Monday, March 02, 2009
We leave for France in a little over a month. The trip has already altered from its original scope; from heaps of training to leisurely riding and climbing while hanging with friends. But those friends will be fit and it’s time to test my back a little bit and try and gain a little form for the trip, if for no other reason than to know how to plan the trip. My back survived a rather arduous road/work escapade, so now it’s time to put it through a block of training. Tomorrow I’ll concoct a preparatory phase. In order to get an idea of what this phase can contain, today Romney and I had a little sports day.
My friends and I have been doing these for years. They consist of combining a lot of different sports into a single day. They can be silly, such as the “vortex weekend” where Todd, Reed and I combined running, bouldering, and riding with soccer, whiffle ball, tennis, some other stuff I can’t remember along with a lot of beer drinking and watching more football “than I have in my life,” according to Reed. Or they can be rugged. Birthday Challenges are often sports days, like this.
Today’s was more modest in scope. It would, however, harbor some important firsts for the year. Since my injury it would be my first bike ride, run, ski, and warrior pose. We would also throw in some climbing so I could actually feel like I was getting a workout.
We began doing yoga, where warrior pose didn’t bother me at all. Being tentative, I didn’t push this much and pushing a yoga session—primarily a lot of time in various stages of warrior—is what exacerbated my original injury to the emergency room stage.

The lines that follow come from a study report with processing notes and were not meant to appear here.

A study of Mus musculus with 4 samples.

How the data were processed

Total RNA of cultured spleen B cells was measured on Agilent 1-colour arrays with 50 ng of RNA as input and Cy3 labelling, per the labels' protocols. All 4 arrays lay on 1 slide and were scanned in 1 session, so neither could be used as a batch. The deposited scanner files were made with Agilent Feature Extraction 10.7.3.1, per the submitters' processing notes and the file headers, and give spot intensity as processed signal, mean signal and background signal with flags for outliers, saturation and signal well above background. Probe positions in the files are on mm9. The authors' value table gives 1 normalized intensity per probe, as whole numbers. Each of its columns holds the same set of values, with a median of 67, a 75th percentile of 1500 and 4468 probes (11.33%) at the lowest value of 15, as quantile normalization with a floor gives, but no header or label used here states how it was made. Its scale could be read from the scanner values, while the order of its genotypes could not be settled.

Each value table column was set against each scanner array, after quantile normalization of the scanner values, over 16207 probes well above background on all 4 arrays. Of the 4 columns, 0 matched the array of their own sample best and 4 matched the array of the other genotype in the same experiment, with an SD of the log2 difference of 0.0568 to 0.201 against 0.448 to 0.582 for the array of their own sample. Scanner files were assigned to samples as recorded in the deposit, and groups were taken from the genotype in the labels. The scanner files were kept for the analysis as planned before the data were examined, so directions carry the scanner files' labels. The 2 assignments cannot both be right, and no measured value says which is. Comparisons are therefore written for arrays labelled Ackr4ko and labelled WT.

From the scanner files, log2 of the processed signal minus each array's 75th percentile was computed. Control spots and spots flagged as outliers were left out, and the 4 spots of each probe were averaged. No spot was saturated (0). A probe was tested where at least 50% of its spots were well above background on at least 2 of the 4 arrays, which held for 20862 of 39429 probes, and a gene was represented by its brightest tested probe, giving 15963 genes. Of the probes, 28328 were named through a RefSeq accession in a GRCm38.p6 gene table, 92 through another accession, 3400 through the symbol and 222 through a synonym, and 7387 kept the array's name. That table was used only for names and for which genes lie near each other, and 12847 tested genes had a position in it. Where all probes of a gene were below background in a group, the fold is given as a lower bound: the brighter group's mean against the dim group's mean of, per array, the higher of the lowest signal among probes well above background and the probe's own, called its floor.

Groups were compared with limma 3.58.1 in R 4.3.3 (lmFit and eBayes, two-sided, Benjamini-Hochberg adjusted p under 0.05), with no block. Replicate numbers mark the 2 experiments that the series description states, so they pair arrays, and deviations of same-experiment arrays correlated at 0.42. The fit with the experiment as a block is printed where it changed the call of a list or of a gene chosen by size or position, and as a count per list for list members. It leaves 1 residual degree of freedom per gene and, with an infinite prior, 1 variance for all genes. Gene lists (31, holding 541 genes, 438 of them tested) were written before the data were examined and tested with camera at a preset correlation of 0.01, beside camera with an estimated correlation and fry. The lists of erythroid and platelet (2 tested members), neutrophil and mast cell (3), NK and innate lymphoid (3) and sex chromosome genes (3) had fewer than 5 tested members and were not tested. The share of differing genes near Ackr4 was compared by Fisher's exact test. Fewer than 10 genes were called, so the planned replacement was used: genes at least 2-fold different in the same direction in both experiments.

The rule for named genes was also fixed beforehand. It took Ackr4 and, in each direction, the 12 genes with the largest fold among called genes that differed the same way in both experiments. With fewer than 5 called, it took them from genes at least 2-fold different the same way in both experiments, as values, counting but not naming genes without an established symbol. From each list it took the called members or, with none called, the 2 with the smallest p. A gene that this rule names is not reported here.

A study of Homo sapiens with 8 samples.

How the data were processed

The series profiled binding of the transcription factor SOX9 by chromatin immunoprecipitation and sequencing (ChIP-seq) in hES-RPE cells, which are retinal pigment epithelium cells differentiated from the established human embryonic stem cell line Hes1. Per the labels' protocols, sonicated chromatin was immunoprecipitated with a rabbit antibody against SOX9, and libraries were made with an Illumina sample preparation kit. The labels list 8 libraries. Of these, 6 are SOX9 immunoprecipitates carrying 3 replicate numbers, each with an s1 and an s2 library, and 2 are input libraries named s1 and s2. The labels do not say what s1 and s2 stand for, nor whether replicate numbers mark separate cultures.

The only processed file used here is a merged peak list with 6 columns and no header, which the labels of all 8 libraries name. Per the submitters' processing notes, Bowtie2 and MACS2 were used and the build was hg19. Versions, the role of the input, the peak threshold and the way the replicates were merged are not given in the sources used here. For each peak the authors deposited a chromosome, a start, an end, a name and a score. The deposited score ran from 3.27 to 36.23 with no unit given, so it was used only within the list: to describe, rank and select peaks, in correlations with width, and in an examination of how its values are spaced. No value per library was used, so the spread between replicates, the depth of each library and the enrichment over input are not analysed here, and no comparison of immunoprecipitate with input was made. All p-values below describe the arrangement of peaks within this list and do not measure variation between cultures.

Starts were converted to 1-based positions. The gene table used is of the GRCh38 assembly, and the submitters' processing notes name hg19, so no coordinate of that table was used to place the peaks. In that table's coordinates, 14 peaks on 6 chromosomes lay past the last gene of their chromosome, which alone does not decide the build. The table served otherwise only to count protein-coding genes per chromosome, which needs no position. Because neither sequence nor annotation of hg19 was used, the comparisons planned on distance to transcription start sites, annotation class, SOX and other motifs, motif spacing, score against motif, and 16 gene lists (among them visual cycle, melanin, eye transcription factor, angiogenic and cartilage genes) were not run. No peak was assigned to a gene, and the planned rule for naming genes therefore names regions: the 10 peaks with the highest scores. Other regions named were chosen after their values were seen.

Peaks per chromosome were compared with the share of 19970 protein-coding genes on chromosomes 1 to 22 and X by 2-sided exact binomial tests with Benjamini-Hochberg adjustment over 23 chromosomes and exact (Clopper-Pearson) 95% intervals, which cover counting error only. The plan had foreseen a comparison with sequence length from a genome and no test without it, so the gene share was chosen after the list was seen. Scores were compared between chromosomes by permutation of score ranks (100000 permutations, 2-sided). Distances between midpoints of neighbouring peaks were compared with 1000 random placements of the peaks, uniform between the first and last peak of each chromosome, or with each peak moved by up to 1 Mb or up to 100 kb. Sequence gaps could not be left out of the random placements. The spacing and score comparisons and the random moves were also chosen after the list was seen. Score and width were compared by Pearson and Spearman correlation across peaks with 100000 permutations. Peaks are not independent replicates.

It went well, so we packed the car with ski stuff n’ dogs and heading up Mill Creek. Romney’s been skiing all winter so she zoomed ahead with Copper and Beata while trailed with Ratso, working on slow and calculated movements. Icy conditions weren’t perfect and slips were scary, but it caused me to focus on breathing and posture, doing each step with a rigid core. One positive thing about injuries is that they often shift your focus and end up improving your technique. The downhill concerned me because of the ice. I really didn’t want to fall but I also didn’t want to have to take off my skis and walk. It went a little easier than expected. My back was tight but, after a few extending postures in the parking lot, I was ready for the next sport.
Back home, I dusted off the tandem, lubed her up, and filled the tires. At some point on the ride Romney said, “I like when you’re out of shape. It’s so much easier.” Sad, because I wasn’t trying to go slow, but my leg muscles have atrophied a lot in two months. Cycling fitness comes and goes quickly, so I was expecting this. The up side was that the riding was fine. The hardest thing was throwing my leg over the bike, and it wasn’t that hard. I think I can start riding.
Next we went for a run—a short run. My foot is still numb and running is going to take a while, I think. It didn’t hurt but I do worry about the lack of feeling affecting my cadence and leading to an injury. The run itself was easy but afterwards I sat down and almost fell asleep. So far, I’d done what normally would amount to a warm-up and I was getting worked. The upside was that after the run my foot felt better than before. So maybe I need to run.
Next we went up to the G-Spot, where I made some progress on my project and Romney linked about two-thirds of the upper traverse. I’m more psyched on climbing than I’ve been on years, and it was a great way to end the day. Despite my enthusiasm at the boulders, I can barely write this and think there’s no way I’m making it through the movie that’s on tonight’s agenda. Sports day accomplished.